I've been thinking about designing a system, where every student's grades are stored on the blockchain in encrypted form.

However, I've read enough posts describing why this is not a good idea: Ethereum discourages the use of storage, and contracts cannot store the decryption key safely/hidden anyway (all contract data is visible to anyone on the blockchain, right?).

The system should facilitate a paid service for, e.g., companies that want information on a particular student.

My initial thoughts of such system is as follows (assuming both parties, i.e., university and company, have an Ethereum account with public/private key pair):

  1. The company sends a request to the university web server, requesting information, and providing the public key of the company.
  2. The university creates a smart contract with the encrypted information (under the company's public key) and a hash of the plaintext.
  3. The company sends a transaction to the smart contract, paying some amount of ether, whereafter it gets the encrypted information and hash. The contract then suicides and transfer its funds to the university.
  4. The company decrypts the information under its private key and verifies the hash.

There is a problem with this idea. After the smart contract (step 2.) has been deployed, the company can just read its data without sending any ether to it. How can this be fixed?

In general, what approach would I choose for designing such paid service for information retrieval?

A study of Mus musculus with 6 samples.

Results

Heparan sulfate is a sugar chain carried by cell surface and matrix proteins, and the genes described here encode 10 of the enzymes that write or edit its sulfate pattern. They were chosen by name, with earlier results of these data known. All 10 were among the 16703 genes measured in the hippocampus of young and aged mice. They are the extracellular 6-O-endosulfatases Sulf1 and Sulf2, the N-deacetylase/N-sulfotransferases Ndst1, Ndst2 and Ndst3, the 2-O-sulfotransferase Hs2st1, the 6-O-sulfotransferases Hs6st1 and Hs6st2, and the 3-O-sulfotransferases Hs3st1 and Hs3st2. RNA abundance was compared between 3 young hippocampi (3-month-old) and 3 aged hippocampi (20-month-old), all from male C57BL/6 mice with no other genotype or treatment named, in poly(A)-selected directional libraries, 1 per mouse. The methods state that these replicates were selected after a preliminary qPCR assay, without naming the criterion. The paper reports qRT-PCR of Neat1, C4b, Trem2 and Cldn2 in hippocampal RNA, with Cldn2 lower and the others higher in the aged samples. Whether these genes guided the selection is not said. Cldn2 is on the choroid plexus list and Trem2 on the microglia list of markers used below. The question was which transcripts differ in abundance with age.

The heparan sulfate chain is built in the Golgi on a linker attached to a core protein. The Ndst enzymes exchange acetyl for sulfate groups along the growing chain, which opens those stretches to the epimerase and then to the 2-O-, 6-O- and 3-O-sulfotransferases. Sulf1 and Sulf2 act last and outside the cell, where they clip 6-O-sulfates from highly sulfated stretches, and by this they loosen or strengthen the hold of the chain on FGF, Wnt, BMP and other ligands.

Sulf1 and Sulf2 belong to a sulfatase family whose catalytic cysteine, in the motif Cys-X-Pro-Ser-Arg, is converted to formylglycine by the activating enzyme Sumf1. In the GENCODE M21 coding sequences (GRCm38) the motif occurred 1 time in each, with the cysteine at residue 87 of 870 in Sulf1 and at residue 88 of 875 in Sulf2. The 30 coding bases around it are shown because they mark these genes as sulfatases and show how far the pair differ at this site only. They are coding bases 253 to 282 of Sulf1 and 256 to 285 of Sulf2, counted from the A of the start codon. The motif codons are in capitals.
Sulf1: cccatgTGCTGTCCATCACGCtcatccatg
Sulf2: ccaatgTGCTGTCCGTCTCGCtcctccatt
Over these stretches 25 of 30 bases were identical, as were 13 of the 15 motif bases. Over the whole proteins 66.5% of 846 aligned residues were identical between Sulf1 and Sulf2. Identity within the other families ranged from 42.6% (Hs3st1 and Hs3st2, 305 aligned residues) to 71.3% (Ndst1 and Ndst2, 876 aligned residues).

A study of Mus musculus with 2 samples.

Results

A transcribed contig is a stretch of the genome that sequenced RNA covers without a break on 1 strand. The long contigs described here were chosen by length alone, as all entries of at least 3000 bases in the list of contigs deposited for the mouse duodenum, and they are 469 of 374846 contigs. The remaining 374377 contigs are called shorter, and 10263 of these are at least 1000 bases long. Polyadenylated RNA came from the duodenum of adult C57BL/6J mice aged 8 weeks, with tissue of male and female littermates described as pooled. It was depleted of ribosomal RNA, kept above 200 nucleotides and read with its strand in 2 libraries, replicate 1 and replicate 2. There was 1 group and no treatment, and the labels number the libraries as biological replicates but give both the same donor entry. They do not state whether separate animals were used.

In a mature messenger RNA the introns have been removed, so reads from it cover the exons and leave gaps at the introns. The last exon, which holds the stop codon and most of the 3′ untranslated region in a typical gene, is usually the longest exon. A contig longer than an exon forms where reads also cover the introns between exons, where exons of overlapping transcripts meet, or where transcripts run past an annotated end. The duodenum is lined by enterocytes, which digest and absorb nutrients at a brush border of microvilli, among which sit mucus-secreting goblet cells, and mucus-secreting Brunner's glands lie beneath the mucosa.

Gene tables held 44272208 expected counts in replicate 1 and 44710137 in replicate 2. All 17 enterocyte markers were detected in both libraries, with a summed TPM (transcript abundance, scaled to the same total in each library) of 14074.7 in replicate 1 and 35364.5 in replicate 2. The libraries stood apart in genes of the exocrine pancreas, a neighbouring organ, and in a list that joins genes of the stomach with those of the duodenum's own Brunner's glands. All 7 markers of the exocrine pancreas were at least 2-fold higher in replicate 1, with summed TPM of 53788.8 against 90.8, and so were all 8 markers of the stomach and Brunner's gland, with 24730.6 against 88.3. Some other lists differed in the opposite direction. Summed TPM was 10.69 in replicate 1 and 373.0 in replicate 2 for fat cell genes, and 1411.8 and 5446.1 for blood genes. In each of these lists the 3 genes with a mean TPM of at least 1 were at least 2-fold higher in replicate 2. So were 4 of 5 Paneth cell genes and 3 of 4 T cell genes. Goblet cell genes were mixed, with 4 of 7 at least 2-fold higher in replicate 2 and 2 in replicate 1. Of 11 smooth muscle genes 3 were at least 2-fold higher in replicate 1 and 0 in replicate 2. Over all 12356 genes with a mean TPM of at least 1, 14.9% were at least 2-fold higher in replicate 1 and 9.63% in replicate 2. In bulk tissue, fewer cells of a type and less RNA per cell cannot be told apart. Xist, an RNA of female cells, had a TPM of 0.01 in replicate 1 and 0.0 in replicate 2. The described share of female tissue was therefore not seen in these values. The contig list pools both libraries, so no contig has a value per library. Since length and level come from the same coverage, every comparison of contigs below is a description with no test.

• You seem to be falling into the trap of trying to use blockchain for something that does not need blockchain. Why does this need anything more than a payment processor and a web server? Commented Aug 31, 2017 at 10:21
  • @ThomasClowes - it might not need more than that. However, I'm looking for a project for my master thesis that makes use of blockchain and language based-security.
    – Shuzheng
    Commented Aug 31, 2017 at 10:23

1 Answer 1


The only way to fix the issue you've determined with the system is to wait to send them the decryption key until your company has verified that the contract has been paid.

But at that point, you might as well just withhold the data entirely, use a normal address instead of a smart contract, and give them the data once they pay up, i.e. run a normal, centralized service. Having the data out there and encrypted doesn't give you much of an advantage over just keeping it on an in-house server, and it doesn't remove any trust since until the client has the decryption key, for all they know the encrypted data could just be gibberish.

Currently, there is no way to implement a system like the one you are describing (and I believe it might actually be strictly impossible, violating the laws of information in the universe for a properly functioning blockchain). Either the data is accessible on the blockchain or it is not, and your company can only change that by releasing the data (or an encryption key) after you have verified the payment through a centralized (off-chain) means.

In short, if you want to keep information secret, you cannot trust a network based on complete and perfect information to control access to it.

Here's an idea though - you could always encrypt the data using an M-of-N scheme and distribute the N keys to a set of trusted validators (which could be users, companies, etc.). They could release their key to the client when the payment comes in. When most of them verify the payment and release keys, the client can use the keys to decrypt the content.